If you have a young reader in the house, you may have an acquaintance with graphic novels. The Oxford dictionary defines a graphic novel as “a full-length (esp. science fiction or fantasy) story published as a book in comic-strip format.” The number of illustrations and amount of text used in graphic novels varies. Just so parents are young readers are on the same page (har har), here are the basics about graphic novels.
- Graphic novel describes a book format, not its genre. The graphic novel format uses sequential art, much like a comic book, to tell a story. Graphic novels can be fiction, nonfiction, biography, sci-fi, or just about any genre. The popular Dog Man and Captain Underpants books are examples of graphic novels.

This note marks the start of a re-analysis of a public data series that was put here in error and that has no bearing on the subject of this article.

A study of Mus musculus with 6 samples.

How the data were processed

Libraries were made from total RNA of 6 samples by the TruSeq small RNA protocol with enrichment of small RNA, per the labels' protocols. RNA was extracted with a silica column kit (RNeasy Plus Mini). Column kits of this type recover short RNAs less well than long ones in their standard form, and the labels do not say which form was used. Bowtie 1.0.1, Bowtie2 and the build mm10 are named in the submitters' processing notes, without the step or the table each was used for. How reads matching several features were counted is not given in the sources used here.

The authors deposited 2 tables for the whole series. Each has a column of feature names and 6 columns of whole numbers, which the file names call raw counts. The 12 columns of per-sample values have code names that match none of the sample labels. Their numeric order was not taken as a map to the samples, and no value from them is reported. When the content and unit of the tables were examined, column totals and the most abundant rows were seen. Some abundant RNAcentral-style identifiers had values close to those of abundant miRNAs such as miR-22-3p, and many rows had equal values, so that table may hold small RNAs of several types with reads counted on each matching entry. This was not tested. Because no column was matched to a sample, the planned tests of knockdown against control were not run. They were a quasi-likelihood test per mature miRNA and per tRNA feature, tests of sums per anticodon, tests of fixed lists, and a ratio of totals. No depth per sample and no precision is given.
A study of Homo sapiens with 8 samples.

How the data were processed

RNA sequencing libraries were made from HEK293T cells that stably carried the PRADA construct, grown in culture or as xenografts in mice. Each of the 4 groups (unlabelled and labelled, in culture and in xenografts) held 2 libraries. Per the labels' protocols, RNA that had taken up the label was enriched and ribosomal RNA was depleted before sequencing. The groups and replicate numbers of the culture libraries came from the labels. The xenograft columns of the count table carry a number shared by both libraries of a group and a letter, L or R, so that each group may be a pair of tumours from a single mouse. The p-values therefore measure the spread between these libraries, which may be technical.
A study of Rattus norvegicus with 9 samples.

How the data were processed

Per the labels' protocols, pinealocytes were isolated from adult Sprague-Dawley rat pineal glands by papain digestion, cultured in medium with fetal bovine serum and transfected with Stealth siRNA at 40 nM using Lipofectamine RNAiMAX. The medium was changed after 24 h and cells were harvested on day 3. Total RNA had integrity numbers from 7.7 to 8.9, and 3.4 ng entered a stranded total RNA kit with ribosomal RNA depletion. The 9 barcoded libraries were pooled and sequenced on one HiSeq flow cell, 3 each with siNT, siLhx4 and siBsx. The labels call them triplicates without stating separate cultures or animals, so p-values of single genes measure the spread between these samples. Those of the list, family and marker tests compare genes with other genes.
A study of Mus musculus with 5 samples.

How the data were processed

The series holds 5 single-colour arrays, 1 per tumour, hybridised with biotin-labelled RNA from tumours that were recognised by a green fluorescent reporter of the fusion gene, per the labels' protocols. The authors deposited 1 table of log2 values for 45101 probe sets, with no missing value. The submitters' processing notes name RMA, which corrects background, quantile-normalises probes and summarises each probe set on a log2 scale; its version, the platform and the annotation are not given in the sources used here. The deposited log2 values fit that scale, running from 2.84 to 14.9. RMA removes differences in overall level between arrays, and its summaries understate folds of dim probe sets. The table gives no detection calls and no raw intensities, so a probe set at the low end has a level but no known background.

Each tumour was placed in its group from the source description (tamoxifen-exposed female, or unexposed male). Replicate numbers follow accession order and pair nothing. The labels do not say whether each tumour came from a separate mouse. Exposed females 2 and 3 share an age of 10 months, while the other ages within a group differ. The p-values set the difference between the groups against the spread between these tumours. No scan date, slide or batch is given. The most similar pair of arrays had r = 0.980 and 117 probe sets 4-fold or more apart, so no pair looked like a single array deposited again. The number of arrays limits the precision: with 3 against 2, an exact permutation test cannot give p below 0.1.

- Are graphic novels comic books? No, not exactly. While the format may look the same, graphic novels are most often stand-alone stories. Graphic novels generally have more complex character and narrative development than comic books. Comic books are often more like a chapter in an ongoing saga.
- Manga (What is that, by the way?) is one type of graphic novel. Translated from two Japanese characters, the term manga means “whimsical drawing.” Manga describes Japanese graphic novels and comic books.
- Are graphic novels suitable for mid-grade readers? YES! Like any genre, parents should help young readers choose graphic novels that are age and topic appropriate and of interest. Unlike picture books which are often geared toward emerging readers, graphic novels are available for mid-grade, YA, and even adult readers. Graphic novels often are a good choice for reluctant readers.
Enjoy exploring this format with your mid-grade reader.